Shaky economies in Europe and the United States and a growing consumer preference for Apple Inc’s iPad tablets have been taking a toll on the PC industry.
The world’s leading chipmaker cut its 2012 revenue growth forecast to between 3 and 5 percent, down from a prior forecast of “high single-digit growth”. That put Intel’s outlook in line with many investors’ recently reduced expectations and helped cushion an initial sell-off of its stock.
“As macro events have transpired in the second quarter, people looked at the original high single-digit guidance as being stretched,” said Craig Ellis, an analyst at Caris & Company. “The Street would have been concerned had they stuck with that guidance – but they didn’t.”
Fears that global PC sales may be worse than expected have helped push Intel’s shares down about 10 percent since the end of April. They have recently traded around 10 times expected earnings.
Helping fuel fears of a PC slowdown, smaller Intel rival Advanced Micro Devices last week slashed its outlook for second-quarter revenue on disappointing sales in Europe and China, where economic growth has recently lost some steam.
China and other emerging markets have been a key source of growth in recent quarters, helping make up for weakness in the Europe and the United States.
“Emerging markets, especially China and Brazil, are still growing nicely but are moderating due to GDP adjustments and currency fluctuations,” Intel Chief Executive Paul Otellini told analysts on a conference call.
He said consumer markets in Europe and the United States are expected to recover more slowly than previous forecasts. He also said global enterprise IT spending demand was expanding as expected.
Doug Freedman, an analyst at RBC, said Intel’s forecast for the current quarter was less than typical for this time of year.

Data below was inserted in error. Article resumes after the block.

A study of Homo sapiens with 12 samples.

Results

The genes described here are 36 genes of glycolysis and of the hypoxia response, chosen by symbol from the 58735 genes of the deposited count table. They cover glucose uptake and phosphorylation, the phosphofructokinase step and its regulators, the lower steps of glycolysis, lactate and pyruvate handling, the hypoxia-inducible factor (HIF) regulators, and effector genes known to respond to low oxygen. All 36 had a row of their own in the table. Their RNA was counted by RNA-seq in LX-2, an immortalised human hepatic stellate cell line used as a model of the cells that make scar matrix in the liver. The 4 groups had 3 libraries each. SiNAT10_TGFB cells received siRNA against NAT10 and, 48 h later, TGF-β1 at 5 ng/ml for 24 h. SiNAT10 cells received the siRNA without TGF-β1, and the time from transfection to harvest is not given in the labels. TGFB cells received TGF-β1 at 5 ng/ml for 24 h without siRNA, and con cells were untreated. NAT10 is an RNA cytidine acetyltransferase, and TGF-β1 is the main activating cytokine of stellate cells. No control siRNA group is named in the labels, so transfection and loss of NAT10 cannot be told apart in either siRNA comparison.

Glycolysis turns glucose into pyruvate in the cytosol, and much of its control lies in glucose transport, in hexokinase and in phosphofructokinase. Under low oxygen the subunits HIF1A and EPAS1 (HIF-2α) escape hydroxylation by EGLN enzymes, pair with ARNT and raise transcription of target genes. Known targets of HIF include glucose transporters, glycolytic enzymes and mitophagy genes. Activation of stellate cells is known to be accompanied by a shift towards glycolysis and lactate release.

“Normal seasonal PC demand would show Q3 growth of at least 9 to 10 percent and Intel’s guidance is comfortably below that,” he said.
Intel supplies processors for 80 percent of the world’s PCs but it has yet to make significant progress in fast-growing tablets or smartphones, products that use chips based on technology from British-based ARM Holdings.
Intel is heavily promoting a new category of “Ultrabook” laptops with premium features like solid-state drives that it hopes will add some zest to a PC market that some see as lackluster compared to tablets and smartphones.
Many analysts are concerned the touch screens and other high-end features on upcoming Ultrabooks, made by Dell Inc, Asus, Hewlett-Packard Co and others will make them too expensive for some consumers.
Executives on the conference call suggested Intel has no plan to reduce its chip prices to make Ultrabooks more affordable, a move that would hurt gross margins.
Short-term PC sales may slow as some consumers consider putting off new purchases until Microsoft launches its new Windows 8 operating system, expected in October.
Intel said revenue in the second quarter was $13.5 billion, up from $13.03 billion in the year-ago period and lower than the $13.56 billion expected.
Intel said revenue in the current quarter would be $14.3 billion, plus or minus $500 million. Analysts on average had expected $14.60 billion, according to Thomson Reuters I/B/E/S.
GAAP net income in the second quarter was $2.8 billion, down from $2.95 billion in the year-ago period. GAAP earnings per share were 54 cents. Analysts had expected 52 cents.
Intel said non-GAAP gross margins in the second quarter were 64 percent. Intel maintained its full-year gross margin forecast of 64 percent.
Shares of Intel fell 1.5 percent in extended trading before paring losses. It had ended about 1 percent higher at $25.38 on Nasdaq.